Biosfer Teslab again in Circulation

Biosfer Teslab’s R&D activity is continuous, not only in terms of optimisation and development of new challenges for the company, but also in terms of pure research, collaborating with other research groups to participate in scientific publications.

One of the works recently carried out has been published in the journal Circulation, which aims to elucidate the genetic origin of an unexplained combined hypocholesterolemia inherited in 4 generations of a French family.

Atherosclerotic cardiovascular diseases are the leading cause of mortality worldwide and are strongly influenced by circulating low-density lipoprotein (LDL) cholesterol levels. So far, only a few genes related to plasma LDL-cholesterol levels have been identified, and only one gene, ANGPTL3, has been linked to combined hypocholesterolaemia.

Using Next Generation Sequencing, a new rare, dominant variant in the LIPC gene, coding for hepatic lipase, has been identified that co-segregates with the phenotype.


Once identified, the impact of this variant, LIPC-E97G, on circulating lipid and lipoprotein levels in family members and in animal models (apoE*3-Leiden.CETP mice) was characterised using advanced lipoprotein profiling and nuclear magnetic resonance-based lipid family studies.

Family members carrying the LIPC-E97G variant were found to have very low circulating levels of LDL- and HDL-cholesterol, LDL-particle number and phospholipids.  In addition, the lysophospholipid/phospholipid ratio was increased in the plasma of LIPC-E97G carriers, suggesting increased lipolytic activity on phospholipids.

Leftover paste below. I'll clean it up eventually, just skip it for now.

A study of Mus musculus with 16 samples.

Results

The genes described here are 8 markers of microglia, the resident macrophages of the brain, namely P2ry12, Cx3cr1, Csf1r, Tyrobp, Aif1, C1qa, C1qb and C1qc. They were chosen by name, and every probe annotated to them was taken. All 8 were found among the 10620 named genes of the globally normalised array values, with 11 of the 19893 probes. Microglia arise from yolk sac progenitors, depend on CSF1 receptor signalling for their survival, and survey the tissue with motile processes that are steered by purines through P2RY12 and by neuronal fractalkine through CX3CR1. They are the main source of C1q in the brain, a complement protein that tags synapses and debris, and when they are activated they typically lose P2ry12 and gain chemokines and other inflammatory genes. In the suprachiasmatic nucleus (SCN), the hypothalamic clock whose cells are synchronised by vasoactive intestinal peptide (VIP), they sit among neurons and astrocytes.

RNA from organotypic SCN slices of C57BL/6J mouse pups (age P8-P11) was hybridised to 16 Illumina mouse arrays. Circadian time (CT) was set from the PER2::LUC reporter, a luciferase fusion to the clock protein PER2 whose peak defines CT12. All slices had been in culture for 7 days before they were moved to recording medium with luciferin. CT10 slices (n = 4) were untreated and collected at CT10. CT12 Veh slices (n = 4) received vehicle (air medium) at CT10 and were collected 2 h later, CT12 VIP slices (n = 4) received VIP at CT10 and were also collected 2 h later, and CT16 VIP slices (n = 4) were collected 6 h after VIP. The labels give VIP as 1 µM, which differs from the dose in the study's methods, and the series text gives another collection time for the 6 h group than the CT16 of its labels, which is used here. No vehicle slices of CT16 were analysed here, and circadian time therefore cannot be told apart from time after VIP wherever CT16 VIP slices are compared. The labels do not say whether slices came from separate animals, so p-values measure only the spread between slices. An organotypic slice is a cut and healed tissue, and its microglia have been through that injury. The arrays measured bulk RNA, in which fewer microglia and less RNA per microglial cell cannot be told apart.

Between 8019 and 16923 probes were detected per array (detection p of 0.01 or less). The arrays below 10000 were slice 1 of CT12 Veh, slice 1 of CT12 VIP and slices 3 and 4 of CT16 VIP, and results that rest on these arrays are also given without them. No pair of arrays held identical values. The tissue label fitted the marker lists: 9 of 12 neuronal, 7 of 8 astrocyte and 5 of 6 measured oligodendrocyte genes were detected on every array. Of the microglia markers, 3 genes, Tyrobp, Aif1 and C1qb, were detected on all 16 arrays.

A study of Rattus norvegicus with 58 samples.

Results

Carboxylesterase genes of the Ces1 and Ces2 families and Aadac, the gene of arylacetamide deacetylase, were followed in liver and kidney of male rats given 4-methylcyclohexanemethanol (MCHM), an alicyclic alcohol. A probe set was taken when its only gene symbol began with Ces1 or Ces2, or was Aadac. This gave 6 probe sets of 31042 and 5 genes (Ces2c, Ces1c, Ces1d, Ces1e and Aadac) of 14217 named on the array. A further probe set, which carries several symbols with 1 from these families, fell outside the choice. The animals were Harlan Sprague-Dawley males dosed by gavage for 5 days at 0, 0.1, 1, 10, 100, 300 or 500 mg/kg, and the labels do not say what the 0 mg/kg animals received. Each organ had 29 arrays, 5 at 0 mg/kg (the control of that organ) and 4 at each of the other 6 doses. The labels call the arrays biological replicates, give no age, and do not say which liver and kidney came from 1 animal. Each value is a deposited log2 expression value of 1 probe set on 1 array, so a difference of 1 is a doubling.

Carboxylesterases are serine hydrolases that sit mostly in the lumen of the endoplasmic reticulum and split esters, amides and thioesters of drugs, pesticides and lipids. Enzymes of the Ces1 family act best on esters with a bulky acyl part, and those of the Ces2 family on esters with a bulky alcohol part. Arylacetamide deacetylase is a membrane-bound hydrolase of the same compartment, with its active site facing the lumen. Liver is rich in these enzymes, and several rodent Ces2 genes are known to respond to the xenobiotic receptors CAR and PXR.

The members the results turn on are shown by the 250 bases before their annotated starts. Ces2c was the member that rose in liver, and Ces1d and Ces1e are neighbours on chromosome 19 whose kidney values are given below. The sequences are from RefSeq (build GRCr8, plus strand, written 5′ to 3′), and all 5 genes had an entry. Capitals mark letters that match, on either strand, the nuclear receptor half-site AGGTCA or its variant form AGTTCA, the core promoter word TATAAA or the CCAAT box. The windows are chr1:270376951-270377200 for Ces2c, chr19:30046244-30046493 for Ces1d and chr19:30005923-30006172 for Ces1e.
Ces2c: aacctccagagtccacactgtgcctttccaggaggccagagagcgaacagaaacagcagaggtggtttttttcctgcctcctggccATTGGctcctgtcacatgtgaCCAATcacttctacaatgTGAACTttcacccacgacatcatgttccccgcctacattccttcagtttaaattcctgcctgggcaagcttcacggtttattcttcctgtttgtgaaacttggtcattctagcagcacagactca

In vitro and in vivo studies confirmed that the LIPC-E97G variant specifically increases the phospholipase activity of hepatic lipase through modification of an evolutionarily conserved motif that determines substrate access to the catalytic site of hepatic lipase. Mice overexpressing human LIPC-E97G recapitulated the combined hypocholesterolemic phenotype of the family and demonstrated that increased phospholipase activity promotes catabolism of triglyceride-rich lipoproteins by different extrahepatic tissues, but not by the liver.

The studies carried out in this work have allowed the identification and characterisation of a new rare variant in the LIPC gene in a family with dominant familial combined hypocholesterolemia. This variant makes LIPC the second gene identified, after ANGPTL3, causally implicated in familial combined hypocholesterolemia.